Sep 14, 2013

Deconstructing BC Hydro’s Rate Increase


When the government imposed its Energy Plan on BC Hydro it never bothered to estimate the costs (or for that matter the benefits) of what it hoped to achieve. Ardent supporters of that Plan, like my good friend Mark Jaccard, constructed scenarios under which it would make sense to force BC Hydro to buy more power than it needed, but no one was forecasting those scenarios to materialize — certainly not BC Hydro, the BCUC, the union representing BC Hydro workers or any ratepayer group.

And so it is not surprising that BC Hydro now has to raise its rates. Had the government  bothered to forecast what was likely to happen, it would have predicted that BC Hydro would incur major losses on the purchases it was forced to make, at least in the short to medium term, and rates would have to go up.

There are, without doubt, many factors contributing to the rate increases the government now acknowledges BC Hydro needs to cover its costs. There are unavoidable factors, like the refurbishment of aging infrastructure. But much of the increase is the result of ill-considered policy.

It is difficult to calculate the effect and relative importance of all of the government’s interventions in the planning and operations of BC Hydro. However one can make an estimate of the costs of the energy purchases BC Hydro was forced to make under the Energy Plan and Clean Energy Act.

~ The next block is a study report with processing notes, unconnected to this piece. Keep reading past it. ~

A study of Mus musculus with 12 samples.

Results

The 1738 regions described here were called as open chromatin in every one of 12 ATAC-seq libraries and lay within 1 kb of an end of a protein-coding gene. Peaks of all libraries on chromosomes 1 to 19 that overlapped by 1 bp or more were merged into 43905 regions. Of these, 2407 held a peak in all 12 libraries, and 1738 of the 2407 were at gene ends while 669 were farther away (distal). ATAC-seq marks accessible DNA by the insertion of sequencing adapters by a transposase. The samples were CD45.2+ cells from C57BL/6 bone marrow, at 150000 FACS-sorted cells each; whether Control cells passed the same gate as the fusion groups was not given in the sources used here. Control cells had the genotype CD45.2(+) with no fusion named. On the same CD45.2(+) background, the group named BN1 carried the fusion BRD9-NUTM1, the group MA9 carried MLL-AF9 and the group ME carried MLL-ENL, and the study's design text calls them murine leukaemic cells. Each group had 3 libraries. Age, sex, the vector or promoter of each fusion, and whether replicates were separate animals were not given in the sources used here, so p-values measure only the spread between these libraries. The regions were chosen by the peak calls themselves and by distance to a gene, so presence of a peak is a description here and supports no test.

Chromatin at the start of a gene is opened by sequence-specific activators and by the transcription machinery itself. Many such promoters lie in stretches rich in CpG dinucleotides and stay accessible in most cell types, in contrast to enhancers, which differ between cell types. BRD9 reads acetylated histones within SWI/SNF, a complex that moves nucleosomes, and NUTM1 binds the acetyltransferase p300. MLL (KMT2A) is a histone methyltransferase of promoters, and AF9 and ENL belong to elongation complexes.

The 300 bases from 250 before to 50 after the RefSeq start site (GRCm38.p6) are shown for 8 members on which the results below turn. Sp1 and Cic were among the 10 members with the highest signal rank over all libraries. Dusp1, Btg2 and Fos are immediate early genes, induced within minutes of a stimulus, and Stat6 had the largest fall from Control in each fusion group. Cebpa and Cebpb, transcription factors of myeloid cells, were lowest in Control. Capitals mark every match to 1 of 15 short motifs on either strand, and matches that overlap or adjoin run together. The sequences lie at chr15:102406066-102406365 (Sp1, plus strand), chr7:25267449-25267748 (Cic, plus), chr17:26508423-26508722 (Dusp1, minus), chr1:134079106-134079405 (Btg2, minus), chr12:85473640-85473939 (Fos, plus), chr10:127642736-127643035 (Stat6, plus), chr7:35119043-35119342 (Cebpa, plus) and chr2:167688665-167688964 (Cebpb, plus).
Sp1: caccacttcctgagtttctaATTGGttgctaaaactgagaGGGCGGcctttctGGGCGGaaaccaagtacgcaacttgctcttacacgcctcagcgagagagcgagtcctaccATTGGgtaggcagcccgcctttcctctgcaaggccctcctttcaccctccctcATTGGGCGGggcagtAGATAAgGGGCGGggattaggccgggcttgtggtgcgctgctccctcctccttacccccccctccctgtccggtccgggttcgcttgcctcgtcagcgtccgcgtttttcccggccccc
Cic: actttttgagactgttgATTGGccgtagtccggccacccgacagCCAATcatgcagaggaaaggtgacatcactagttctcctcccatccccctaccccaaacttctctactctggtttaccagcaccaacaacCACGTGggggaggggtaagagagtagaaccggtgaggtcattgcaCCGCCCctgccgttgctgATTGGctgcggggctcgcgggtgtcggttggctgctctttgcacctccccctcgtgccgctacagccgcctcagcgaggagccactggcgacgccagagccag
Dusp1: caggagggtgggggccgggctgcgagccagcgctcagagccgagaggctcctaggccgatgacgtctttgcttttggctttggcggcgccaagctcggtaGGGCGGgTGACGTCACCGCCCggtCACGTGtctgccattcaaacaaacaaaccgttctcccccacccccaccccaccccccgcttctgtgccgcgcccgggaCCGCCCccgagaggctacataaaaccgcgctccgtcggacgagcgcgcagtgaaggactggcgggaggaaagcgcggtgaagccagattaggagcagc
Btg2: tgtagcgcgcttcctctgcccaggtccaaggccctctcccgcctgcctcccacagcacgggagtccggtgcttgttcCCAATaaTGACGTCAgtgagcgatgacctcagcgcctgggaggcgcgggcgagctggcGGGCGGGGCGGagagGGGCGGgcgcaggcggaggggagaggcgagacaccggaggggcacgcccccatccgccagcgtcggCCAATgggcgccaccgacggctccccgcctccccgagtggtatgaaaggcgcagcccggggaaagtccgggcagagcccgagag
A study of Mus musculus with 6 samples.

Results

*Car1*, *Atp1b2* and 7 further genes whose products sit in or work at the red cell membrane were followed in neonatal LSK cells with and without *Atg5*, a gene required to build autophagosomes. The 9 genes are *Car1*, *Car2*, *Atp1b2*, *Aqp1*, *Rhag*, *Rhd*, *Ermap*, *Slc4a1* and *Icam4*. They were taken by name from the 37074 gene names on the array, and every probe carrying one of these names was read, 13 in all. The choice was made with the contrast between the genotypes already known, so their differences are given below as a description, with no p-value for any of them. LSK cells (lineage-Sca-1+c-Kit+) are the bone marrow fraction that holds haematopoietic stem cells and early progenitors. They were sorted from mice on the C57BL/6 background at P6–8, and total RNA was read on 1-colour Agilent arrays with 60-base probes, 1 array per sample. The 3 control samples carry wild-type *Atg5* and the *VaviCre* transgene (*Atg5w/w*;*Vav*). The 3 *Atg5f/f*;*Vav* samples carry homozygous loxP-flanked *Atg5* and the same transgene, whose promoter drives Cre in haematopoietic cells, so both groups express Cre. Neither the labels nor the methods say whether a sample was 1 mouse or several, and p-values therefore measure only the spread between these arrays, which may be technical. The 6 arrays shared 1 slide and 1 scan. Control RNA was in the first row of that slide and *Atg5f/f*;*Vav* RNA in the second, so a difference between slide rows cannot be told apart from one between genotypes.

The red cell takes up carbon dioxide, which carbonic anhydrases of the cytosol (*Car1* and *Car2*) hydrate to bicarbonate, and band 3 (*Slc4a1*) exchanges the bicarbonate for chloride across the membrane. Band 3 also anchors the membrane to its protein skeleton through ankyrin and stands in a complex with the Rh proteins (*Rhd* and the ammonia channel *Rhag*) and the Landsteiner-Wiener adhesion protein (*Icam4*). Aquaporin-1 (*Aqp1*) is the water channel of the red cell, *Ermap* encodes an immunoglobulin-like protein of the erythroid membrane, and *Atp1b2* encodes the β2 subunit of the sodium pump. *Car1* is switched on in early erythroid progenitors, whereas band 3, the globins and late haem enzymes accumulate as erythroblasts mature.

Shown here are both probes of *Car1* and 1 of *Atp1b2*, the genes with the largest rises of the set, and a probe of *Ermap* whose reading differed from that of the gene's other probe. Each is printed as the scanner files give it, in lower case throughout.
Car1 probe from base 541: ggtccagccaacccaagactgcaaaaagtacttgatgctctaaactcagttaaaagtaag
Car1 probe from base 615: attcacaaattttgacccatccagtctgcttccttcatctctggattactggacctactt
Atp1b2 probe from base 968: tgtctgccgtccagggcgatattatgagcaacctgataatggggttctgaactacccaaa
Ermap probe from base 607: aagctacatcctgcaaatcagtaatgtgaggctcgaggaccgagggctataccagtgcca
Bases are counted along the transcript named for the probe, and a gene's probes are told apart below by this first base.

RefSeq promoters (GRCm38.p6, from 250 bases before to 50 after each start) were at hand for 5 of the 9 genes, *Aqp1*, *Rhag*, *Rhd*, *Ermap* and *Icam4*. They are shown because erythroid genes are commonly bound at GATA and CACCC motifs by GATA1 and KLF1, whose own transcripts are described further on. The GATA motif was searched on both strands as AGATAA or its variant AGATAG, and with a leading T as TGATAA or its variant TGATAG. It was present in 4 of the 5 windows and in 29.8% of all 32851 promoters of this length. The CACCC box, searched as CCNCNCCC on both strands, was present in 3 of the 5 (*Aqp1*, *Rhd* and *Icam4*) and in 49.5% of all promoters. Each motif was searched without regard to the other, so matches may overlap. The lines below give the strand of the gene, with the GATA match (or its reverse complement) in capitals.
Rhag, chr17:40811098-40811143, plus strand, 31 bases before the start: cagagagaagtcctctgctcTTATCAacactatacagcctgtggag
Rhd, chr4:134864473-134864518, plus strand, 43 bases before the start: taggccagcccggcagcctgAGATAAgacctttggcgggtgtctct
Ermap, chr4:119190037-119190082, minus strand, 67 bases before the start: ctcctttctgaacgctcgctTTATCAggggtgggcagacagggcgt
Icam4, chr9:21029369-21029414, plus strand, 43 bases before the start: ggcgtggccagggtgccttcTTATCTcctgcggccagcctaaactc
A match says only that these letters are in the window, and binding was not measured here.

In its last rate hearing (before the government shut it down), BC Hydro reported that in 2013 it would be purchasing over 5 million megawatt hours of electricity from run-of-river and other IPPs under contracts that almost certainly were driven by the self-sufficiency and other provisions of the Energy Plan. That is roughly equivalent to the output of Site C. BC Hydro didn’t need that energy to reliably meet its forecast requirements.  Nor did it purchase that energy because it appeared economic. The average cost of that supply is well over $100 per megawatt hour. The average value based on the price of the exports it enables or imports it displaces is less than $4o.

So BC Hydro was forced to buy the equivalent of a Site C at a price that is some $60 per megawatt hour more than it is worth at current and forecast market prices. The total loss on the purchases BC Hydro was forced to make will be over $300 million in 2013 alone. That in itself represents over 7.5 percentage points (over one quarter) of the 26% increase BC Hydro reportedly said it needed.

There are other ways in which policy has contributed to the required rate increase. There are the billions of dollars of investments that government directed BC Hydro to undertake without any benefit-cost justification or independent BCUC oversight and review. There are the transmission and system back-up investments BC Hydro has been forced to undertake to accomodate the large amount of run-of-river and other renewable energy it was directed to acquire. There was the directive requiring BC Hydro to earn a return on equity it does not have.

I suppose most ratepayers care more about how much they will have to pay than why. But the ‘why’ matters. Costs of electricity supply will inevitably go up. But they don’t have to go up dramatically more than necessary.